RFQ: Why Do Banks Still Have Branches?
Other than the time the house painter asked me to pay him in a giant load of cash that he could dispense to his workers, I don't think I've used the services of a bank teller in at least 14 years. So when the local listserv filled with angry and exasperated comments about the news that the site of a demolished movie theater would soon be home to yet another bank branch, I joined my neighbors in puzzlement.
Today's Random Friday Question: In this era of online bill payment, direct deposit of paychecks and ATMs at every turn, what is the lingering function or attraction of a physical bank branch?
Throughout the nation, residents, community planners and retailers are wondering why there seems to be no limit to the desire and ability of banks to snap up retail spaces that used to house all manner of shops.
An American Bankers Association survey this summer found that only 36 percent of U.S. consumers use branches as their primary banking method--but that's still the largest group clustered around one method. Online banking came in second at 23 percent, followed by ATMs at 21 percent, mail at eight percent and telephone banking at five percent.
The survey found that those who cling to the notion of going to a bank office are generally older folks; this is one of those generational splits that you see a lot in studies of how we live these days. But still, a substantial 25 percent of those under the age of 34 side with the older crowd and prefer to do their banking in person.
Why? Money's a funny thing, and apparently there are still lots of folks who just don't trust the machines and the Interweb when it comes to their hard-earned dollars. A majority of Americans are just fine with viewing statements and paying bills online, but when it comes to depositing checks--well, for that, we seem to put more trust in the old idea of handing the paper over to another human being.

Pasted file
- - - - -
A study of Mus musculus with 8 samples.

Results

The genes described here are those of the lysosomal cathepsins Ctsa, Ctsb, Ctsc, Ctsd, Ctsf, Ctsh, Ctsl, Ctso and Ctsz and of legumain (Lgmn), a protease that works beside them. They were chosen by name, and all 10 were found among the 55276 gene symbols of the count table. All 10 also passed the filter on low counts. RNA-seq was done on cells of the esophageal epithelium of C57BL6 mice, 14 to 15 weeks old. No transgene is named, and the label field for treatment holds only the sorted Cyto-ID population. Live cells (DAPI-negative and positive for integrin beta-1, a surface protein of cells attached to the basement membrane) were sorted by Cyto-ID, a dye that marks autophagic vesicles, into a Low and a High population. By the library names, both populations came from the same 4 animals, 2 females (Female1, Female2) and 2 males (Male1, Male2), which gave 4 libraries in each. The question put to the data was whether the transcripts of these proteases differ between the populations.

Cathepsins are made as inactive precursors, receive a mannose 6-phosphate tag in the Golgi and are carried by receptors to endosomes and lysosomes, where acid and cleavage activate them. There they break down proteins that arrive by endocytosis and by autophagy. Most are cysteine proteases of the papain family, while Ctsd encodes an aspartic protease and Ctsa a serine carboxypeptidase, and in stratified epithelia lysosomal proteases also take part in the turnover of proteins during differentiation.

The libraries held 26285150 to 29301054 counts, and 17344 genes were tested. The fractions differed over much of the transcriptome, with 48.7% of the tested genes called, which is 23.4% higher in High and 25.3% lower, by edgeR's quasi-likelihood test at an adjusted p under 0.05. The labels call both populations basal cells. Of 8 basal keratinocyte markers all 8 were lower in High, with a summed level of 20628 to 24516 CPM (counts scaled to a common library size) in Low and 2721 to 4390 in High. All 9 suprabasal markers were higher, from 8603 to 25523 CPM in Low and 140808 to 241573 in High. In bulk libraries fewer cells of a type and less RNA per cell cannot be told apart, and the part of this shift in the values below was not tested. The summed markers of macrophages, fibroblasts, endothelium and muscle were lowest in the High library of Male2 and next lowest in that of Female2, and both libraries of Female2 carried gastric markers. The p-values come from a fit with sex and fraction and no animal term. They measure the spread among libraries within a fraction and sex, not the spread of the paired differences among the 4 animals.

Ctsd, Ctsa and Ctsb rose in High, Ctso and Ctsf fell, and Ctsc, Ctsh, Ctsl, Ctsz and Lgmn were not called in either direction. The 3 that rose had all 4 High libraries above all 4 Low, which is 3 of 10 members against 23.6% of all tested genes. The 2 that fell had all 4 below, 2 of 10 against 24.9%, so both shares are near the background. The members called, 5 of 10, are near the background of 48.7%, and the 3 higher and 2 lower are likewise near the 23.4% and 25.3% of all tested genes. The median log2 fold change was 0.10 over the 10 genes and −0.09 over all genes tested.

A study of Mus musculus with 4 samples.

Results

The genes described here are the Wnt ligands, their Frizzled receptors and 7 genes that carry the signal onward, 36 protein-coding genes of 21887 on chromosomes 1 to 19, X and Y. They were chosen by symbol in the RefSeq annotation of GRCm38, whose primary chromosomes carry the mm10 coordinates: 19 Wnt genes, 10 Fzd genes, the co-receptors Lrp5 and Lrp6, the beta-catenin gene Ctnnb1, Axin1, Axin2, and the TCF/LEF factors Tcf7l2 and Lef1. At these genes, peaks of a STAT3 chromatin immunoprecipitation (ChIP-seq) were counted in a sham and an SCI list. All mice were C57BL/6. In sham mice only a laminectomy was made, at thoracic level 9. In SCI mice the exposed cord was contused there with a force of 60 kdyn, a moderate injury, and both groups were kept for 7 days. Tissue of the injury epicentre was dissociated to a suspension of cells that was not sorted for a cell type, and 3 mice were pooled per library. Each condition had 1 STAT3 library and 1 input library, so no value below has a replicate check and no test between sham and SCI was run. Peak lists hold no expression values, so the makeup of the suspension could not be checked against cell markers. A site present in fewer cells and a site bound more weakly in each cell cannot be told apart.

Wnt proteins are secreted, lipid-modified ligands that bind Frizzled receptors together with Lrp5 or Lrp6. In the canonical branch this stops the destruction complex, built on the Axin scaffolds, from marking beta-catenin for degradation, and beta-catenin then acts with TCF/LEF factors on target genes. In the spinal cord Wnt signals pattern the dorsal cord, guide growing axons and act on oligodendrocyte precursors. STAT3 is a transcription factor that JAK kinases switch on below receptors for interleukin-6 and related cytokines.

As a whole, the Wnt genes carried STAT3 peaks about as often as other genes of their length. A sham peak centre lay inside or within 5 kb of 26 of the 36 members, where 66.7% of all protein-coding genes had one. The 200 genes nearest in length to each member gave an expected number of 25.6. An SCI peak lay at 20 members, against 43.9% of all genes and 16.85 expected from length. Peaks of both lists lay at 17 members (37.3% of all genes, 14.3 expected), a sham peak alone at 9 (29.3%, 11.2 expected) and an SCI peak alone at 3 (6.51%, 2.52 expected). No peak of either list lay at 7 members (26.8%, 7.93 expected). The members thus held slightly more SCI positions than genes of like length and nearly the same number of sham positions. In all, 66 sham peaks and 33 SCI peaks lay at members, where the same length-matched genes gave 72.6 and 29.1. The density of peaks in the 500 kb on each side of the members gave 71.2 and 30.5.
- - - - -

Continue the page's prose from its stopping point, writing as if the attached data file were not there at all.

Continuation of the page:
For me, the opposite holds true--I far prefer the mechanical incorruptibility of the machine to the fallibility of my fellow man. Plus, I don't understand the attraction of waiting in line for the chance to attempt communication through a thick plate of bulletproof glass. If I crave that experience, I'll go get some lousy fried food at a bad carryout.
A huge majority of Americans still visit a bank branch at least once a month. What do they do there? Loans, ok--but that's not an every-week activity. For the normal exchanges of paychecks and bill payments, what allure is there to visiting the teller?
I think security and comfort play a large role here--the same holds true for the continued widespread use of paper checks when electronic bill payments make vastly more sense. Somehow, many, if not most, of us believe there's something unreliable or fishy about taking care of our personal finances here on the typing machine.
Still, this is one weird phenomenon: According to several reports, the enormous expansion of banks into every retail nook and cranny isn't even profitable for the banks, which are stretched thin. Retailers in other businesses tend to resent the banks' expansion into ever more branches because banks pay high rents and drive up rental rates for everyone else.
I'd love to hear your theories on why we cling to bank branches, and your thoughts on whether this will continue as generations more comfortable with online life assert themselves.
(P.S.: A decade ago, there were seven movie theaters within a few blocks of my house; today, there are but two. During those same years, the number of bank branches in the same area has nearly doubled, to about a dozen. That probably tells us more about the consolidation and decline of the movie theater business than it does about anything else, but the fact that cinemas die while banks proliferate has to mean something. What?)